Exploratorium home Exploratorium home Explo.tv
Browse programs by:
Watch celebrated artist Alexa Meade transform a live model into a seemingly two-dimensional tableau. Reversing the tradition of trompe l’oeil, the Renaissance painting technique in which objects appear real, Alexa Meade painstakingly applies acrylic paint onto actual people and objects, creating illusions of seamless, two-dimensional portraits. Unified by bold brushwork reminiscent of mid-20th-century painting styles, her subjects appear flattened, as if painted on canvas, even when viewed from different angles. Meade’s work invites a deep exploration into the nature of perception, the role of photography in viewing ephemeral artworks, and the sudden intimacy of portraiture.

For thousands of years, Indian women have created these elaborate geometric designs using a variety of natural materials—flowers, spices, sand, and natural pigment—to mark auspicious occasions, celebrations, and milestones.

In May of 2012, Tibetan monks and nuns visited the Exploratorium with their exhibition "The World of Your Senses." Master Painter Jampa Choedak created a painting using thangka techniques while in residence.

Join Exploratorium educator Ken Finn as he unlocks the mystery behind the black sand (a.k.a. magnetite) at Ocean Beach. This piece explores the origin of magnetite in the Sierra Nevada mountains, its journey down the Sacramento and San Joaquin rivers to the Bay, and the interesting physical properties of this mineral, plus some fun things you can do with it.

This After Dark event, which explored the science behind slowing down, included artist Joe Mangrum, who created a sand mandala on the floor of the museum. In this timelapse video, shot over 8 hours, you can see the full arc of the work.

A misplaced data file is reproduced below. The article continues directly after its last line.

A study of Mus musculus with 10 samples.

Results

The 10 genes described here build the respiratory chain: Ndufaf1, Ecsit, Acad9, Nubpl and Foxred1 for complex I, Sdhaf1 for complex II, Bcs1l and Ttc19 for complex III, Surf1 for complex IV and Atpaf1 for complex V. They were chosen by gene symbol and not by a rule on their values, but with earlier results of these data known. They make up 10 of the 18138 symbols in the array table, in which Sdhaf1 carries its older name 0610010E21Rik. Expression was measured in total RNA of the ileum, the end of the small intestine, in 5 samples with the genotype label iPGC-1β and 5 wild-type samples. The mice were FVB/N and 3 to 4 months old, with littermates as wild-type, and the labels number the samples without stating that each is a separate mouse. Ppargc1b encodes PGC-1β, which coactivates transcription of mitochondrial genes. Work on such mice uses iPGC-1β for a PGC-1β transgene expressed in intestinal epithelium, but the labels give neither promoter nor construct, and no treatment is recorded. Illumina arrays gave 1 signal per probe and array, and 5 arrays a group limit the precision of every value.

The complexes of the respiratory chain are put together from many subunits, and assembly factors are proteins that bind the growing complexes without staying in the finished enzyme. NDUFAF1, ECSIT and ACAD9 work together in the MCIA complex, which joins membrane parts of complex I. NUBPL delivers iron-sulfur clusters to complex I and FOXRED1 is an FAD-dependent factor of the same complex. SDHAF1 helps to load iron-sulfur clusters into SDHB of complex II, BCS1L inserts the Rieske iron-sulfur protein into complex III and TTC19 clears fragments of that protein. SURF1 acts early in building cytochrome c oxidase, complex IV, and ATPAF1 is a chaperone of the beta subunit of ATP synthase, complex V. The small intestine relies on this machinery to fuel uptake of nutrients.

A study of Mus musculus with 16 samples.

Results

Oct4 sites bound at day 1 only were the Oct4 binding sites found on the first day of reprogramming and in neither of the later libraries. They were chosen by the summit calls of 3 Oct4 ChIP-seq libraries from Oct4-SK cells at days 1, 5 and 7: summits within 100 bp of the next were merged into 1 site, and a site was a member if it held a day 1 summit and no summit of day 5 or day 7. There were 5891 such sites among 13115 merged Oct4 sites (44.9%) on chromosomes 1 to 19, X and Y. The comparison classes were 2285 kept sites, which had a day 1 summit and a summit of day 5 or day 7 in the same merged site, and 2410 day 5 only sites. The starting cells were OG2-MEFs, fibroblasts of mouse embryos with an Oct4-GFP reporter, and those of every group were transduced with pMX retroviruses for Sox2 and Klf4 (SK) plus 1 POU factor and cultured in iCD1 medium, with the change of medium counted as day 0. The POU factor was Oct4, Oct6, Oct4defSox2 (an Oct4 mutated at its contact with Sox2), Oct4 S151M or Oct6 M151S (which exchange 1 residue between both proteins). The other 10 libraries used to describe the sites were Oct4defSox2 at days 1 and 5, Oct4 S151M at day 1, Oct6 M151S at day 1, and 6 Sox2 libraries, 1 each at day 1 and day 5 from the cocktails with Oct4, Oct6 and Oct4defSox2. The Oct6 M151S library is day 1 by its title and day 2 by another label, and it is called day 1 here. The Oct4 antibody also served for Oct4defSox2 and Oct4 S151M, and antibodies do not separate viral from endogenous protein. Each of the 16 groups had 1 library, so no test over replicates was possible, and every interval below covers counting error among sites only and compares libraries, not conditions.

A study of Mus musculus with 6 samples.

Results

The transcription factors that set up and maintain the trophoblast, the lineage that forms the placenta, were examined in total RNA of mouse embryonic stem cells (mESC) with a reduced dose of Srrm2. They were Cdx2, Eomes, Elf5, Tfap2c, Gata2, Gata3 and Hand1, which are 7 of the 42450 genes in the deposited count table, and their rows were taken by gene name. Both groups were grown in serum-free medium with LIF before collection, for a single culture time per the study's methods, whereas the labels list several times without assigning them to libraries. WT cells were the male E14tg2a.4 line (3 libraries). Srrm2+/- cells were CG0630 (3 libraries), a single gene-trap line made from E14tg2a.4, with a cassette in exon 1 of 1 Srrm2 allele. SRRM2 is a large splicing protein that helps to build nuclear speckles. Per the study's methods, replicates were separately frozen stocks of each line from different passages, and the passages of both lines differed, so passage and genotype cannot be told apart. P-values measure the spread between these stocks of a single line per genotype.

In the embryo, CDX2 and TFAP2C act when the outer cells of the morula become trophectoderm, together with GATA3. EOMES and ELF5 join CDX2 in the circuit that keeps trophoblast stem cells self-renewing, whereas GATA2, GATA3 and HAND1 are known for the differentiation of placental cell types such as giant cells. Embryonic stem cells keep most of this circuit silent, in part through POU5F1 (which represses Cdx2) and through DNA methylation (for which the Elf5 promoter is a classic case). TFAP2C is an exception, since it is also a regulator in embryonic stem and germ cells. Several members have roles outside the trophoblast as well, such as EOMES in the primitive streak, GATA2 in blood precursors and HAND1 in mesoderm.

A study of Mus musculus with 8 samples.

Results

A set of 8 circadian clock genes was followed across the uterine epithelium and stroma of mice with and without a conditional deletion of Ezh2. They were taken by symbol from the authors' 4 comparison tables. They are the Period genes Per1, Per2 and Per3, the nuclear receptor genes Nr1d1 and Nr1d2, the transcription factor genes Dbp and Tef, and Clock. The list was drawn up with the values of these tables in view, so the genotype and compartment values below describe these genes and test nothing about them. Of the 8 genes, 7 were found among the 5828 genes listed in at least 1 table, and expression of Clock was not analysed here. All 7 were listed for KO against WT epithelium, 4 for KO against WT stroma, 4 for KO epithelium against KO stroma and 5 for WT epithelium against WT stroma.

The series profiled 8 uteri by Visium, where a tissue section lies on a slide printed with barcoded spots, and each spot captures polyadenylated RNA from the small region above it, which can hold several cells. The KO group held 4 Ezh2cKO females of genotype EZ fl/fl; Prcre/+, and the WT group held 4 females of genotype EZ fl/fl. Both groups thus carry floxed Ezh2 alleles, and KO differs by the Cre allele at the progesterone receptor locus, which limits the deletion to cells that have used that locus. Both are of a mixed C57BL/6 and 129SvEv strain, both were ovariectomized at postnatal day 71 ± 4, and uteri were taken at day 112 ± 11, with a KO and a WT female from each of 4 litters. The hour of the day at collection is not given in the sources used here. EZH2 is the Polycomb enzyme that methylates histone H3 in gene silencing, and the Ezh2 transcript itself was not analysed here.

Slow motion footage of Pyrograph, a work by Earl "Dodger" Stirling that has been described as a cross between Dante's Inferno and the Foucault Pendulum. Like a fiery version of the Exploratorium's classic Drawing Board exhibit, Pyrograph swings a pendulum across a sandy, flaming cauldron and traces out oscillating patterns in colorful fire.

Aeolian Landscape is an exhibit in which a miniature wind-swept desert landscape is recreated by an electric fan and finely ground sand that mimics the process of wind picking up and depositing small particles. Visitors can change the direction of the fan, influencing the shape of the dunes.

The two Mars Rovers are alive and well after surviving their second Martian winter. Come and see photos of discoveries they made during their third year on Mars, with Exploratorium Senior Scientist Paul Doherty.

Join Exploratorium physicists Paul Doherty and Stephanie Chasteen as they examine the past, present, and future of climate change. Watch as Paul and Stephanie demonstrate how you can look at a slice of climate from the past, what a sediment core might look like, and the secrets hidden in an ice balloon!

An clip of the Aeolian Landscape exhibit by artist Ned Kahn. Blowing air sculpts sand into an ever-changing landscape.